Review: Sunday at T in the Park 2016
- Henry Northmore
- 11 July 2016
Stand out sets from LCD Soundsystem, Slaves, John Grant and Major Lazer
It seems dull to start a review talking about infrastructure and logistics but the major teething problems at the new site last year became such a big news story it's worth addressing. Entry to the site was far quicker and slicker, the bus drop offs and pick ups ran smoothly and the new layout helped alleviate most of the bottle necks. However the new placement of the King Tut's tent in its own cul de sac round the back of the fest was misjudged especially when slogging through the muddy terrain. And the weather was not kind to Strathallan. By Sunday a thick gloopy sludge covers the arena.
Ian Broudie's The Lightening Seeds have been around even longer than T, seasoned vets used to battling the elements. In direct contrast to the gloomy weather 'Pure' is a gorgeous slice of parping pop brilliance that would bring a smile to even the soggiest festival goers face. Nathaniel Rateliff & The Night Sweats are similarly upbeat with their bad boy boogie and grizzled gospel stompers.
Slaves have perfected their shouty rabble rousing. A two man blitzkrieg of drums, riffs and screaming slogans. A snarling mash up of The Sex Pistols and The Streets their set teeters the edge of chaos as 'The Hunter' and 'Hey' hurtle across the Perthshire countryside. Isaac Holman favours a standing stripped to the waist drumming style, branding themselves the 'best band in the world'. And with their big, brash, bolshie performance it's hard to argue.
John Grant mixes throbbing electro with hugely personal tunes played out on a grand scale. He's effortlessly charismatic with his hip-shaking frugging across the stage. An offbeat crooner over acid squelches and funk grooves switching to apocalyptic ballad 'Queen of Denmark' and a rousing singalong of 'GMF'. Simply gorgeous.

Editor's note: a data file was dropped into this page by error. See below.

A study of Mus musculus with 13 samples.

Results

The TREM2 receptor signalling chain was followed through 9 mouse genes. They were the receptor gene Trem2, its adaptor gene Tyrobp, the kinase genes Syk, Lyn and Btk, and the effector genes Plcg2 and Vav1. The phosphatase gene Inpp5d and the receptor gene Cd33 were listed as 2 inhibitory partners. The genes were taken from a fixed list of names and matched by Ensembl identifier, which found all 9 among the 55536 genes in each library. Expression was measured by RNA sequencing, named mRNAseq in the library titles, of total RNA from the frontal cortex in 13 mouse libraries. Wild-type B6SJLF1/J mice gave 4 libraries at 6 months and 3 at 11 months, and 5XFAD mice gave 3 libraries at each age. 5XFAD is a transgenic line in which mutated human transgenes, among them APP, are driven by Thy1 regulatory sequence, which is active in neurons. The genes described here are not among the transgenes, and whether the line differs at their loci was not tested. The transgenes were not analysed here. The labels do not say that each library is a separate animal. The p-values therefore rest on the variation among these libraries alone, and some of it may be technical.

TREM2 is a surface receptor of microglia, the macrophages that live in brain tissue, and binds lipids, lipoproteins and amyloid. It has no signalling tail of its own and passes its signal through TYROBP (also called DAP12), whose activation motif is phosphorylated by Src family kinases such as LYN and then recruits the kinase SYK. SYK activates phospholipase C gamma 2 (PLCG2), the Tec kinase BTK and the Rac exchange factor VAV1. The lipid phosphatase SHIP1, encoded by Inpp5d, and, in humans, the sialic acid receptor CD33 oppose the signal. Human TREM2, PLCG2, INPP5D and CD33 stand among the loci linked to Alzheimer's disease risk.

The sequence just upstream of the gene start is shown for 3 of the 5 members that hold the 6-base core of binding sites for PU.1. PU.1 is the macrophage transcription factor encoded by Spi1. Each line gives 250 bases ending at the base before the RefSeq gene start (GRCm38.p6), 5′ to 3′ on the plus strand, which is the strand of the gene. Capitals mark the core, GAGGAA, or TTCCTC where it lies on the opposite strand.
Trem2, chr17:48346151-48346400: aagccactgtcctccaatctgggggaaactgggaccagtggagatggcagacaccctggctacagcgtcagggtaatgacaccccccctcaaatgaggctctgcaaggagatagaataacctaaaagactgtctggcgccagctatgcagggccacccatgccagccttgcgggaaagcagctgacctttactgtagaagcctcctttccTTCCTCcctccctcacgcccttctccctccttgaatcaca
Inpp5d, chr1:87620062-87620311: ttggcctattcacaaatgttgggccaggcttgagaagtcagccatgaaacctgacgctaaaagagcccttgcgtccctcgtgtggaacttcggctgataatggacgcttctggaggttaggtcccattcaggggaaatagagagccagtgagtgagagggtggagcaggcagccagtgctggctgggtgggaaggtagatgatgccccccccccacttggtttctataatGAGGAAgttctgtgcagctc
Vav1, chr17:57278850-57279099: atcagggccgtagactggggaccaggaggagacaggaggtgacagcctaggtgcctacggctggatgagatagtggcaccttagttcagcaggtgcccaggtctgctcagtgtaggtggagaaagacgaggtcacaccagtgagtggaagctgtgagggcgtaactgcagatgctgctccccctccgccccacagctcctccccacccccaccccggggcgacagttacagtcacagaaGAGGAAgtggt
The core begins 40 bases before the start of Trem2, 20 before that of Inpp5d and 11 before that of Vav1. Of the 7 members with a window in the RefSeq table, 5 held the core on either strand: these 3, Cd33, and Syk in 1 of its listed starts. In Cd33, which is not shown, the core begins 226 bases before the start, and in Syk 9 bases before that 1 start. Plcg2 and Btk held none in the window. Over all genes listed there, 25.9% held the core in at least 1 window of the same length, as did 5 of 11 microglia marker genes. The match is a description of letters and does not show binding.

Echoing a recent trend, dance beats take over Strathallan as the sun sets. Faithless provide the dinner party friendly house anthems followed by big room dubstep, EDM and dancehall of Major Lazer who throw literally everything at the audience. Not ashamed to resort to the cheapest tricks to get hands in the air, essentially a pimped out DJ set from Diplo and Jillionaire blasting out squawking beats backed by a quartet of twerking dancers, pyro, smoke and hype man Walshy Fire. Slick, ridiculously entertaining crowd pleasing nonsense.
The unlikeliest comeback of 2016 continues: Craig David's TS5 features the Southampton soulster singing over the top of a DJ set of R&B, hip hop and pop from TLC to Beyoncé and Jay-Z to Justin Bieber. It's a bizarre karaoke megamix that almost works but you can't deny David has an amazing voice.
It's a surprisingly small crowd gathered for James Murphy's return as LCD Soundsytem. A furiously intelligent take on dance music. The band are so tight and Murphy's passion and commitment is palpable, his cowbell solo on 'Daft Punk is Playing at My House' is punk funk perfection.
It's easy to forget headliners Red Hot Chili Peppers were once considered one of the most dangerous and shocking bands on the planet. Except for a juddering 'Nobody Weird Like Me' (powered by Flea's thundering bass) and a sublime 'Under The Bridge' it's a low key performance continuing their drift into MOR rock balladry.